THE HOOPLA LITERARY SOCIETY
“It is difficult now to imagine how some of the great turning points in Western history could have been achieved without [the book]. The Renaissance, the Reformation, the Scientific Revolution and the Age of Enlightenment all relied on the printed word for their spread and permanent influence. For two and a half millennia, humanity used the book, in its manuscript or printed form, to record, to administer, to worship and to educate.” (Books: A Living History by Australian historian Martyn Lyon)
It’s been a week of coming down from the high created by the Sydney Writers’ Festival to something resembling normalcy.
This is our first column for June and that means there’s a whole new bunch of books to talk about, writers to chat to and extracts to share. And this week I’ve even included our first foray into poetry. Enjoy!
A Stranger in My Street, Deborah Burrows
“ ‘Any man’s death diminishes me because I am involved in mankind; and therefore never send to know for whom the bell tolls; it tolls for thee-“ It’s a great piece of writing.’
‘It’s exactly what I think. I’m sorry that you don’t believe it any more.’
There was a short silence. Tom was looking down, staring at his maimed hand.
‘There are some people whose death would improve humanity,’ he said at last. ‘And, to be perfectly truthful…if I could, I would opt out of mankind altogether.’”
In January 1943, Perth is a vibrant town revelling in its role as host to the dashing American troops based there for the duration. A girl can find a date amongst the handsome generous men every night of the week. Except young Meg Eaton who has no interest in dating as she is still nursing a broken heart after the man she loved died serving his country. She lives a quiet life at home with her mother and sister and works as a secretary at the Crown Law Department. But two things happen to change Meg’s war. One is meeting war hero and brother to her dead lover, Tom Lagrange, and the second is finding Doreen Luca in a neighbour’s air raid shelter, stabbed through the heart and very much dead.
Western Australian writer Deborah Burrows debuts with this wonderful murder mystery set in Perth in World War II. Careful research packs this book with rich historical detail that brings the era and characters alive. Burrows captures the adventure that war brought into many lives as well as the physical and emotional toll it exacted. This book is part murder mystery and part historical romance but most importantly, it is a great piece of escapism. I spent a fascinating hour with Deborah talking about the writing, the research and her own family’s ties to this story. BUY THE BOOK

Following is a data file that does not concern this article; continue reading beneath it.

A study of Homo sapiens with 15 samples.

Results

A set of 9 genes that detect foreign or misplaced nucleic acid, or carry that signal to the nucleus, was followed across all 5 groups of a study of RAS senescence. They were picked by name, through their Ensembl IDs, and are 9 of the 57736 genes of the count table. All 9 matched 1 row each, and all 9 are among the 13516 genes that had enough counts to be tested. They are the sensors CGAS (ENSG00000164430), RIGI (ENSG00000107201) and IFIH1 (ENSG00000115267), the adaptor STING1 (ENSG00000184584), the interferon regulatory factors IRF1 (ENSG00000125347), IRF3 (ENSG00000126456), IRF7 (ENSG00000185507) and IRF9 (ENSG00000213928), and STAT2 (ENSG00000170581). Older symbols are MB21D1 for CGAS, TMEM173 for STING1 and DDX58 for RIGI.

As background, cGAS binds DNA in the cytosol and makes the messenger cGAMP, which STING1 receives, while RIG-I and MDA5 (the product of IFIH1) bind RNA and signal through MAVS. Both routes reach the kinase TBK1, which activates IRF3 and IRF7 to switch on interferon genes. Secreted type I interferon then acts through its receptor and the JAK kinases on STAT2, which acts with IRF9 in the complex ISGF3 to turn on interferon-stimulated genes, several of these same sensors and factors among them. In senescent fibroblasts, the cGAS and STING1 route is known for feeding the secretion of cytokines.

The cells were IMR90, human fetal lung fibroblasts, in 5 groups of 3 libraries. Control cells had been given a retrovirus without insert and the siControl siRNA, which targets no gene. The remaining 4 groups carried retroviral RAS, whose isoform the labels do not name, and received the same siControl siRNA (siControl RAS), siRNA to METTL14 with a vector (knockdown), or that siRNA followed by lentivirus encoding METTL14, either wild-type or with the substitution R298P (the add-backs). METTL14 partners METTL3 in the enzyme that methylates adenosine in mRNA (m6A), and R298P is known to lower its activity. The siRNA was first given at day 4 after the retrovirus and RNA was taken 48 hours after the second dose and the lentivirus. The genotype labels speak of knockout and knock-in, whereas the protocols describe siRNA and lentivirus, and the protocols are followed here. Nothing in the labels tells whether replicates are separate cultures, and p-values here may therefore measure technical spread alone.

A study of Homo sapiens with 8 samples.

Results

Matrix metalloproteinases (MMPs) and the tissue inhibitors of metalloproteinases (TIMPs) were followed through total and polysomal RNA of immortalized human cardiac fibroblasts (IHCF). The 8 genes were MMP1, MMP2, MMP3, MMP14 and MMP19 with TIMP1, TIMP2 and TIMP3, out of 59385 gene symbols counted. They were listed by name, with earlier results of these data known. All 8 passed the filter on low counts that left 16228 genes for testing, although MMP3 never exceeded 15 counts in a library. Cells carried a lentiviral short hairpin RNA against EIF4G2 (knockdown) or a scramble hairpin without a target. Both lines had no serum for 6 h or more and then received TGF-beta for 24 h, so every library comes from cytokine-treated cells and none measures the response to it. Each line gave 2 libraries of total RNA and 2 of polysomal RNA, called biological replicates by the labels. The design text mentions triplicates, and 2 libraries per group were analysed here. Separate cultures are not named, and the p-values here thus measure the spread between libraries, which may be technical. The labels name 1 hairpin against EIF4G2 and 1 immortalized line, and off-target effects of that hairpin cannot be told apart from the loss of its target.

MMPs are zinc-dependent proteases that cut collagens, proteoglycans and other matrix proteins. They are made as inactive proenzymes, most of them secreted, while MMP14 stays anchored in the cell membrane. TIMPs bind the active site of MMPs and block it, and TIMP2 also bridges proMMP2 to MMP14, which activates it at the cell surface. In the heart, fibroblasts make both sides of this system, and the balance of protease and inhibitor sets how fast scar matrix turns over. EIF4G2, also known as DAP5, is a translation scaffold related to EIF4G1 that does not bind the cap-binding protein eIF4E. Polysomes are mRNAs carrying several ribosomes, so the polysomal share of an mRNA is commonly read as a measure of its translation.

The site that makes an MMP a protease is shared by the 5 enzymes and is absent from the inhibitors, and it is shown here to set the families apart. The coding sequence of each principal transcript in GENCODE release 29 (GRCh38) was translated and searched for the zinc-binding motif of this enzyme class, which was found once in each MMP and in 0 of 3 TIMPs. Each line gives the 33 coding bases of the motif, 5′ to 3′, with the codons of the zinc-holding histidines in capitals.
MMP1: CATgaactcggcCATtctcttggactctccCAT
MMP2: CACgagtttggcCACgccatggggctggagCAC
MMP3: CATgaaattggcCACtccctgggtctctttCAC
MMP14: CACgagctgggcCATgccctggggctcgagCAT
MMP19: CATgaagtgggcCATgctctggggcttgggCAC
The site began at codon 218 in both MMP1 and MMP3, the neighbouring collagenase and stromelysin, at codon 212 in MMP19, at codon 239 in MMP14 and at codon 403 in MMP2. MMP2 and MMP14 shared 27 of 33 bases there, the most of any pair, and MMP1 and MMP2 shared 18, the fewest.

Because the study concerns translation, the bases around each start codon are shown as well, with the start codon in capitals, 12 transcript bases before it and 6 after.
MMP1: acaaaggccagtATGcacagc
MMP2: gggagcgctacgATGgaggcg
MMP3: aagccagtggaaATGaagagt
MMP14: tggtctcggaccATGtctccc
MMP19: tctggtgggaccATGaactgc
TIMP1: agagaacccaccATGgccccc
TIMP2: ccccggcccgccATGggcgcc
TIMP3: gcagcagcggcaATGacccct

A spot of poetry
Poetry either gets a bad rap or gets ignored, both are unfair. It takes immense talent to say well in few words what most of us can’t express at all.
I stumbled across this poem by English poet Hugo Williams and it spoke to me of a topic we often discuss here at The Hoopla; marriage, relationships, he says, she says, and how the little details of everyday life reflect the larger relationship.
The odd thing put away
in the wrong place – cups and plates
back in the cupboard
that I always leave out,
curtains open on the street
that I always keep drawn,
remind me of your recent brief
progress through here,
looking for something in the attic.
How could I forget:
butter in the fridge, but never eggs,
burnt matches everywhere,
in spite of the gas lighter,
jam jars soaking in water
to get the labels off.
How typical of you
to give the Chinese teapot a last chance
to prove itself in company.
And look at that tea towel
slung like your signature
over the back of a chair.
I could weep for the small spoons
lying down with the forks,
the corkscrew with the tea strainer.
Leave them where they are forever?
Or harden my heart
and put them back where they belong?
Classics – coming to a Cinema near you!
May saw Text Publishing release a series called Text Classics. Thirty Australian classic books, complete with introductions by other notable Australians, celebrating the diverse rich vein of Australian writing talent.
As if that weren’t enough, if you live anywhere near Lygon Street Carlton, you can now trot along to Cinema Nova on Wednesday nights and see some of these classics brought to life on the silver screen in a series called Page to Picture. Starting Wednesday, June 6, you can see such movies as Careful, He Might He You, Stiff and My Brilliant Career. Read the book then see the movie or vice versa, what more can you ask for?